Freya Grand, “Pu’ U O’ O,” 2016, oil on canvas, 48 x 60 in.
Freya Grand, “Pu’ U O’ O,” 2016, oil on canvas, 48 x 60 in.

“Dialog: Landscape and Abstraction” at the Art Museum of the Americas (amamuseum.org), Washington, DC, through April 26, 2020

Operated by the Organization of American States (essentially the United Nations of North, Central, and South America), the Art Museum of the Americas (AMA) is an often-overlooked jewel box in the heart of the nation’s capital.

Freya Grand, “Poas,” 2004, oil on canvas, 48 x 60 in.
Freya Grand, “Poas,” 2004, oil on canvas, 48 x 60 in.

From the museum:

On view this season is an exhibition, “Dialog: Landscape and Abstraction,” that pairs mid-20th-century abstractions from the permanent collection with paintings by the Washington landscapist Freya Grand. Her immersive landscapes of Ecuador, Peru, Argentina, Chile, Costa Rica, and the Galapagos Islands share forms, textures, symbols, colors, and compositions with works created by such forerunners as Maria Luisa Pacheco (Bolivia), Angel Hurtado (Venezuela), and Anibal Villacis (Ecuador).

Maria Luisa Pacheco, “Composition 1960,” 1960, oil on canvas, 48 x 61 in. Collection OAS AMA | Art Museum of the Americas
Maria Luisa Pacheco, “Composition 1960,” 1960, oil on canvas, 48 x 61 in. Collection OAS AMA | Art Museum of the Americas
Angel Hurtado, “Signo en el Espaci,” 1962, oil on canvas, 62 x 76 in. Collection OAS AMA | Art Museum of the Americas
Angel Hurtado, “Signo en el Espaci,” 1962, oil on canvas, 62 x 76 in. Collection OAS AMA | Art Museum of the Americas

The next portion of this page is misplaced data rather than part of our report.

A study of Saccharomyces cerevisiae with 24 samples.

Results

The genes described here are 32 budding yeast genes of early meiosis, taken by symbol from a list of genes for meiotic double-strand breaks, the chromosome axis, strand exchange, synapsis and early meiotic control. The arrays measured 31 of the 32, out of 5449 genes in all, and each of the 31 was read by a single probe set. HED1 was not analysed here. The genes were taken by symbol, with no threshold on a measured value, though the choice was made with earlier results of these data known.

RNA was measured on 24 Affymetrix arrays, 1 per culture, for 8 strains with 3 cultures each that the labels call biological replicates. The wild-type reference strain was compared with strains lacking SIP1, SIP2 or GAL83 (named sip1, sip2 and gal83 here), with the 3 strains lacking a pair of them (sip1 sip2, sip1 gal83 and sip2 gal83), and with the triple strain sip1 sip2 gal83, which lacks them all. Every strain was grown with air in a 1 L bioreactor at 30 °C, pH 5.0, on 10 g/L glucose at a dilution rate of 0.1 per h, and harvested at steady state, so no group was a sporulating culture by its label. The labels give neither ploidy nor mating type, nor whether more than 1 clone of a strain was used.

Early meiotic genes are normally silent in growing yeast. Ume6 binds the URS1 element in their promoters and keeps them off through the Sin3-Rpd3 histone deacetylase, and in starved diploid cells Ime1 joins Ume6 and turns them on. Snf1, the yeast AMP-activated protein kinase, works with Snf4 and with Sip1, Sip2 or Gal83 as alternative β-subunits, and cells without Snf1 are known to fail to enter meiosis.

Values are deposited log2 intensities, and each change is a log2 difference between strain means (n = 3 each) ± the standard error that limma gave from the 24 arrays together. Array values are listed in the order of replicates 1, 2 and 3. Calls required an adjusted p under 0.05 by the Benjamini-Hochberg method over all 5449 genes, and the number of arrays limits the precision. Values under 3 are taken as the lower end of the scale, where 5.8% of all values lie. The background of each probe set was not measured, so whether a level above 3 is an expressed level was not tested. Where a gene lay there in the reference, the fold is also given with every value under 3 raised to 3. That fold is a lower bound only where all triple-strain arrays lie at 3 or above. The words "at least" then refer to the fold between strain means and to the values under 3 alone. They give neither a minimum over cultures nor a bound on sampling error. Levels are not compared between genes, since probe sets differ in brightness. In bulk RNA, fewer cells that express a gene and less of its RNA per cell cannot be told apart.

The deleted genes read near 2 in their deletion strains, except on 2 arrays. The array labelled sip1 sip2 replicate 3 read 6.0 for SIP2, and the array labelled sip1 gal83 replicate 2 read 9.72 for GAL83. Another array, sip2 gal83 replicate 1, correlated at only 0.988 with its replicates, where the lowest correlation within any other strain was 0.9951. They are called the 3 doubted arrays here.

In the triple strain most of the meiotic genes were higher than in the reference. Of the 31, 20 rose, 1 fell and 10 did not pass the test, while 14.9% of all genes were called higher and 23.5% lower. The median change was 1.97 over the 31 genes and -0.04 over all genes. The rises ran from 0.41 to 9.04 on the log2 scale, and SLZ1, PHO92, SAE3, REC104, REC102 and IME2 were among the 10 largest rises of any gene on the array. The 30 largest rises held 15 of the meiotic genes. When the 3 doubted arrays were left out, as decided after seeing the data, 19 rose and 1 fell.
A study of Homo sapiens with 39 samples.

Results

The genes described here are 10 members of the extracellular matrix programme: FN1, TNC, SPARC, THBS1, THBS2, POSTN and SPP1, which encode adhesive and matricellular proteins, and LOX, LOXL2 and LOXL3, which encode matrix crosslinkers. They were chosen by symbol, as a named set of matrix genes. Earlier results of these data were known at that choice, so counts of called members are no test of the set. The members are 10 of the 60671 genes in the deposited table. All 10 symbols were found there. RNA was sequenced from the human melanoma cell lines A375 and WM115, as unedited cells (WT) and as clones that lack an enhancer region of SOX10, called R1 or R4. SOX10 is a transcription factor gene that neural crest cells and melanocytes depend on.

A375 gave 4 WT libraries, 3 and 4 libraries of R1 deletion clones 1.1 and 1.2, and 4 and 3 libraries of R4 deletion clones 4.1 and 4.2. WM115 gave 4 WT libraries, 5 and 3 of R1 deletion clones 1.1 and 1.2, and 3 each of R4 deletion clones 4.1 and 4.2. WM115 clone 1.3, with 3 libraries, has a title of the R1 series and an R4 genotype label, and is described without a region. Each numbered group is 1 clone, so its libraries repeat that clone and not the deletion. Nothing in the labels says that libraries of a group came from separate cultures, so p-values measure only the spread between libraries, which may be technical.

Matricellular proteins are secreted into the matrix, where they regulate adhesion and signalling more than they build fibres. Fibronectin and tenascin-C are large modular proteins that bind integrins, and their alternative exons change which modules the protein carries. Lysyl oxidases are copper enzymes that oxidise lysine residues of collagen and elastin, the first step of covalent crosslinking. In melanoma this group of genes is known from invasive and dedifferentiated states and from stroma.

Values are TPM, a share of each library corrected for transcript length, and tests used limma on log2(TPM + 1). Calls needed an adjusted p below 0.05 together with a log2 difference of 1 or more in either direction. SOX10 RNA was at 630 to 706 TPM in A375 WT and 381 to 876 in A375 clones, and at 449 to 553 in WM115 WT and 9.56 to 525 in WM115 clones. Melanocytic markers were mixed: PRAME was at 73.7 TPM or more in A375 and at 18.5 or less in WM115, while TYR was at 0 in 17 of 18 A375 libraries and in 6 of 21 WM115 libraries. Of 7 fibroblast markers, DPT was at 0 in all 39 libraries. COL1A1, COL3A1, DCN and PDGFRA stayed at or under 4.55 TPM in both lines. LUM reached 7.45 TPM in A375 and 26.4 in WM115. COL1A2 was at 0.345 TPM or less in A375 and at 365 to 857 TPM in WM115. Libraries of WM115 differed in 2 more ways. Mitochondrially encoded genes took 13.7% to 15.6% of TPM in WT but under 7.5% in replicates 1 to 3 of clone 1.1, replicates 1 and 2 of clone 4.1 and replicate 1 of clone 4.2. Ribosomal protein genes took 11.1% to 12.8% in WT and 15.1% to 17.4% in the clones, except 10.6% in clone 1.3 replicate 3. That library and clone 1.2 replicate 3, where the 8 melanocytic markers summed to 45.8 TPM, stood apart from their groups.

Danilo di Prete, “Pasagen Cosmica no. 2,” 1963, mixed media/canvas, 58 x 58 in. Collection OAS AMA | Art Museum of the Americas
Danilo di Prete, “Pasagen Cosmica no. 2,” 1963, mixed media/canvas, 58 x 58 in. Collection OAS AMA | Art Museum of the Americas

The works in this exhibition were selected through a conversation between AMA’s curator, Adriana Ospina, and guest curator Hilary Piece Hatfield. Hatfield was invited to explore the AMA’s extensive digital archive and in doing so, she noted strong correlations between Freya Grand’s work from the Americas and certain abstract works in the permanent collection. Ospina and Hatfield then visited with Freya Grand at her Washington, DC, studio and continued their curatorial dialog with the artist, reflecting on Grand’s work and Hatfield’s selections from the AMA’s collection. The curatorial team found that the process led them to the selection of many of the same works of art. This resulting exhibition demonstrates a shared language among the artists and suggests that humanity has an essential dialog with the earth.

Grand describes her process as a direct, immersive experience and that she moves fluidly from close proximity to her subjects to observing them from a vast distance. She asserts, “The two experiences — the one tactile and intimate and physical, the other a privileged bird’s-eye view — inform and enrich each other. These experiences allow me to feel the land under my feet, as well as comprehend the larger patterns, structures, and forces at play.”

Freya Grand (b. 1947), “Tungurahua,” 2011, oil on canvas, 48 x 60 in.
Freya Grand (b. 1947), “Tungurahua,” 2011, oil on canvas, 48 x 60 in.

PANEL DISCUSSIONS
Women Artists at the Art Museum of the Americas
International Women’s Day: Sunday, March 8, 2020, 12:00–1:30 p.m.

Earth Day Panel Talk
Art and Our Environment: An Essential Dialog
Thursday, April 23, 2020, 12:00–1:30 p.m.